The Effects of COVID-19 on Indigenous Communities and Tourism Webinar Recordings
1. Organization of American States’ COVID-19 Tourism Policy Responses
2.Organization of American States’ Guía Práctica de Respuestas Inclusivas y con Enfoque de Derechos ante el COVID-19 en las Américas
3. Indigenous Tourism Association of Canada’s COVID-19 Stimulus Solutions
4. Indigenous Tourism Association of Canada’s COVID-19 Information for Indigenous Tourism Businesses in Canada
5. United Nations World Tourism Organization’s COVID-19 Inclusive Response for Vulnerable Groups
6. Statement by Chief Ricardo Bharath Hernandez, Santa Rosa First Peoples Community, Arima, Trinidad and Tobago – The Pandemic: Indigenous Perspectives on Survival, Adaptation, Rebuilding and Preparedness
General Indigenous Tourism Resources
In August 2019, the United Nations World Tourism Organization’s World Committee on Tourism Ethics proposed a set of Recommendations on Sustainable Development of Indigenous Tourism. These recommendations offer considerations on the potential benefits of tourism in Indigenous communities as well as guidelines for engagement in these communities to ensure distribution of benefits and contribution to Indigenous community empowerment among other issues. Submit examples of good practice of cultural tourism involving Indigenous peoples here to potentially be included as a case study in this document.
2. Organization of American States American Declaration on the Rights of Indigenous Peoples
Adopted in June 2016, the Declaration on the Rights of Indigenous Peoples guides engagement with Indigenous Peoples throughout the Organization of American States’ 32 member countries.
3. Organization of American States Proposed Guidelines for Community-Based Rural Tourism in the Americas (in Spanish)
This document provides an overview of the structure, focus, benefits, and characteristics of Community-Based Rural Tourism in countries throughout the Americas. It is a developing work that will be refined according to the CITUR Work Plan for 2018 – 2021.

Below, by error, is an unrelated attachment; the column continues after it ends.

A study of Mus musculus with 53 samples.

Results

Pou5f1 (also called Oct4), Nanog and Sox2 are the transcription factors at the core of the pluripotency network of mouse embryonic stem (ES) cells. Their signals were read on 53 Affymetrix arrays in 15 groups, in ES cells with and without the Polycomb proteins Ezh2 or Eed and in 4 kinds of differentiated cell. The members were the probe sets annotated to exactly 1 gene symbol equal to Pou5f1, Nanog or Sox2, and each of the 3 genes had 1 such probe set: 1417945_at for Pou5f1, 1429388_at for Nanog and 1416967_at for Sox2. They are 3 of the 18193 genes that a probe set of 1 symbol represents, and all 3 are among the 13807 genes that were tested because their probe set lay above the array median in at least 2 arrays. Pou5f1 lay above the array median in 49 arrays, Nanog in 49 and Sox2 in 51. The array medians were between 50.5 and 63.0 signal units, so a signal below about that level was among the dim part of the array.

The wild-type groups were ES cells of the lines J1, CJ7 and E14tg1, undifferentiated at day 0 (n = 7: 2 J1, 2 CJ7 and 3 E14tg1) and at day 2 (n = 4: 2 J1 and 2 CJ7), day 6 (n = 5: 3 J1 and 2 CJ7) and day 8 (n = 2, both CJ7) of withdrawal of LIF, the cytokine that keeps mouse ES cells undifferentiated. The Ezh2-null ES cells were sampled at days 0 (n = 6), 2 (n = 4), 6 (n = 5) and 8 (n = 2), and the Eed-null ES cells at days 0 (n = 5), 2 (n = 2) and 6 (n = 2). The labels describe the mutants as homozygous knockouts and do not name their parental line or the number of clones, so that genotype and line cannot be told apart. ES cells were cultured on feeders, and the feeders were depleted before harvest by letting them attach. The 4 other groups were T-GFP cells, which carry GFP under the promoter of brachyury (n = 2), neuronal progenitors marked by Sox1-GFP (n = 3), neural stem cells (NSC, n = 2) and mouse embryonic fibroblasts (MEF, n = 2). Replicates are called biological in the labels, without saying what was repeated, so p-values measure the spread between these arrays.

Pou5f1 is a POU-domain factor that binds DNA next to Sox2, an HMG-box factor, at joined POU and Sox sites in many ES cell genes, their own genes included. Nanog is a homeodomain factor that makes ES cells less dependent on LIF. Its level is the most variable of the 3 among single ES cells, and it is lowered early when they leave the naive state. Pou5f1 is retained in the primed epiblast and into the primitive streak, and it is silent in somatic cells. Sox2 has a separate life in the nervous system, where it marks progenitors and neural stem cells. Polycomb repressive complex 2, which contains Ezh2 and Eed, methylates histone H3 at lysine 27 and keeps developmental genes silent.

4. Ministry of Foreign Trade and Tourism Peru Guidelines for the Development of Community-Based Tourism in Peru
Guidelines for how Peru will continue its development of community-based tourism as well as a detail of the process the Ministry went through to ensure there was collective and representative input on the final version.
5. Indigenous Tourism Association of Canada National Guidelines: Developing Authentic Indigenous Experiences in Canada
The Indigenous Tourism Association of Canada has developed comprehensive guidelines to assist Indigenous enterprises with launching tourism experiences. The guidelines discuss authenticity, visitor readiness, and market readiness and provide a self-assessment for readiness among other topics.
6. Compete Caribbean Community-Based Tourism Toolkit
Compete Caribbean developed a toolkit useful for potential tour operators considering developing community-based tourism experiences or any product that relies on community engagement. Discussions range from quality assurance to determining market readiness.
7. Intrepid Travel Reconciliation Action Plan
Intrepid Travel, the platinum sponsor of the inaugural Indigenous Tourism Forum of the Americas, has introduced the company’s first Reconciliation Action Plan, formalizing its commitment to using its business to close the gap between First Nations people and non-Indigenous Australians, where the company is headquartered. The plan is an example of how tourism businesses can increase their support for First Nations businesses, enhance indigenous leadership through innovative partnerships and employment opportunities, and continue building cultural awareness and understanding among staff and travelers.
8. G Adventures and the International Institute of Tourism Studies at George Washington University Indigenous People and the Travel Industry: Global Good Practice
G Adventures and the International Institute of Tourism Studies at George Washington University developed key guidelines around Indigenous tourism to provide a framework for good business practices. These are not standards but are meant to inform good, responsible, culturally sensitive business behaviors. They are meant to be scaled and adapted to fit local conditions and adjusted over time.